The super-soup of superlatives

The menu

The first apple, the highest growing nasturtiums, the smallest tomato, the last and biggest cucumber, the loneliest five apples, the most flavoursome bunch of herbs, the thinnest leek, the most successful plums, the loudest eggs, the most historically significant apples, the healthiest and tastiest pears, the most beautiful pumpkin, the richest carrots, the most gigantic kohlrabi, the most loving tomatoes, beetroot, herbs, apples, potatoes and carrots, the most useful onions, the tastiest carrots and cucumbers, the most mashable potatoes, the most familiar pears, the shortest-lived apples, the most waterlogged and enormous courgettes, the best growing courgettes, the most sociable potatoes, the most southern potatoes, the most scrumptious beans, the most loved and cherished potatoes, beans and celery, the most chaotic onions, the most divine beans and apples, the most tender courgettes, the most natural potatoes and carrots, the most beautiful apples, the most stolen-from-crows plums, the richest and most sumptuous bacon, the sunniest carrots, the oldest pears, the most spontaneous chillies and peppers, the most decorated and celebrated pumpkin, the sportiest courgette, the heartiest potatoes, the most honest potatoes, the most bombastic leek, the greatest celery and courgette, the happiest eggs, the most unique carrots.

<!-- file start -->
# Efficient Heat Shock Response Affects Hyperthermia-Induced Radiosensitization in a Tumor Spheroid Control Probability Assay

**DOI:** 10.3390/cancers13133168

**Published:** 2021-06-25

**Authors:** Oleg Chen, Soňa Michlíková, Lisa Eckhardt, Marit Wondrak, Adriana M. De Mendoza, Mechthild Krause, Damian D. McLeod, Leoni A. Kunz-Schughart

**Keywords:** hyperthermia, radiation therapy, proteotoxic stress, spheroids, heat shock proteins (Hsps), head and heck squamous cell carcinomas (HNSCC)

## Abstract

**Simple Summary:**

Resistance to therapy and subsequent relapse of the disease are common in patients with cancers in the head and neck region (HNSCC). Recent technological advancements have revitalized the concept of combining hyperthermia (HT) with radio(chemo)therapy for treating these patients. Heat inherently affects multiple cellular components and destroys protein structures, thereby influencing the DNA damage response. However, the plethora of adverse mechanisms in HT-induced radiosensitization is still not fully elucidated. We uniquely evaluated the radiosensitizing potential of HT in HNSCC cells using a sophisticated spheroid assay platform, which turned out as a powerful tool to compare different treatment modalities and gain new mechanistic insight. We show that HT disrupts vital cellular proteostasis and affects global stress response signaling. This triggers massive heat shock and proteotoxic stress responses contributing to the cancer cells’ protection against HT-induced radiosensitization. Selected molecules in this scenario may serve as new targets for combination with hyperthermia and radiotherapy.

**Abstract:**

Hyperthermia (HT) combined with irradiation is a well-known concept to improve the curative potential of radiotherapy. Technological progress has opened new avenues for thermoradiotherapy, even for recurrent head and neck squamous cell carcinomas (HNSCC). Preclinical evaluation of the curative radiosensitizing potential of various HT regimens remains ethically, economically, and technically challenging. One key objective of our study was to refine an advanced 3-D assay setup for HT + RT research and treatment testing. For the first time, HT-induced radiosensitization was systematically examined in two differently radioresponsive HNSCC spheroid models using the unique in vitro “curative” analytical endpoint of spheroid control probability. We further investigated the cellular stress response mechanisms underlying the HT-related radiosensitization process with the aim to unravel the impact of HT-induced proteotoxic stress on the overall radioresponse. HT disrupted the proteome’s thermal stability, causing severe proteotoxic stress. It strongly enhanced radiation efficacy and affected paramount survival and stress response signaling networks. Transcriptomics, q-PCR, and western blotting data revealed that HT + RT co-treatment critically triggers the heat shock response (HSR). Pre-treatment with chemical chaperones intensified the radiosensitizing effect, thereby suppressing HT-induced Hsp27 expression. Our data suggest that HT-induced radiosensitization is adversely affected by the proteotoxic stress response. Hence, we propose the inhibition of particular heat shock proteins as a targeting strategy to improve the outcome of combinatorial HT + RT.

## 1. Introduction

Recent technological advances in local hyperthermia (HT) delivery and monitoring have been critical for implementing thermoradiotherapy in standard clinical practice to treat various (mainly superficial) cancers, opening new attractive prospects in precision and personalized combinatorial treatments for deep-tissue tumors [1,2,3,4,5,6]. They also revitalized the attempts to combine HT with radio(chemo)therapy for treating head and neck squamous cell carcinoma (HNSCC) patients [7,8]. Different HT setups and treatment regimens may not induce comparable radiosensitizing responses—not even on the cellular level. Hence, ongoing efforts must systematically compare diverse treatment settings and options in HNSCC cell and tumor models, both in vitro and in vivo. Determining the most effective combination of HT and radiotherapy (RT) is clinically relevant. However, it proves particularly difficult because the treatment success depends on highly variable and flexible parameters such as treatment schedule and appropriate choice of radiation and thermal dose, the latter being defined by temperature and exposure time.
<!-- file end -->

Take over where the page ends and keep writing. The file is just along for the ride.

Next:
The super-soup of superlatives was commissioned by Schloss Bröllin for the held/in_dorf festival (‚hero/in the village’) in Mecklenburg-Vorpommern.

During a period of research we toured some of the private gardens and allotments that have been successfully turned over to the production of fruit and vegetables, eggs, meat and honey. Many of the gardeners we encountered were former LPG workers that had either retired or been made redundant following the reunification of East and West Germany. Continuing their farming practices on private land, they represent a wealth of horticultural knowledge and an impressive example of sustainable self-sufficient living.

Reminiscent of vegetable competitions in England, we asked gardeners living along the bus route if they would like to donate something with a superlative characteristic: From the sweetest carrots and oldest pears, to the happiest tomato. Using these donations we cooked a gigantic soup to celebrate an alternative harvest food festival, in which fruit and vegetables became edible super-heroes. Local gardeners were invited to take a seat alongside festival visitors, performers and resident artists.


The artistic process usually begins with a given site, and a process of observation and dialogue that analyses, and eventually responds, to the architectural, socio-political, geographical, mythological, connotative and historical narratives that can be found there.

Projects are quietly subversive, playfully readjusting the narrative and appreciation of a particular activity or a given site. The working process often involves those that live in an area, and aims to be accessible and relevant.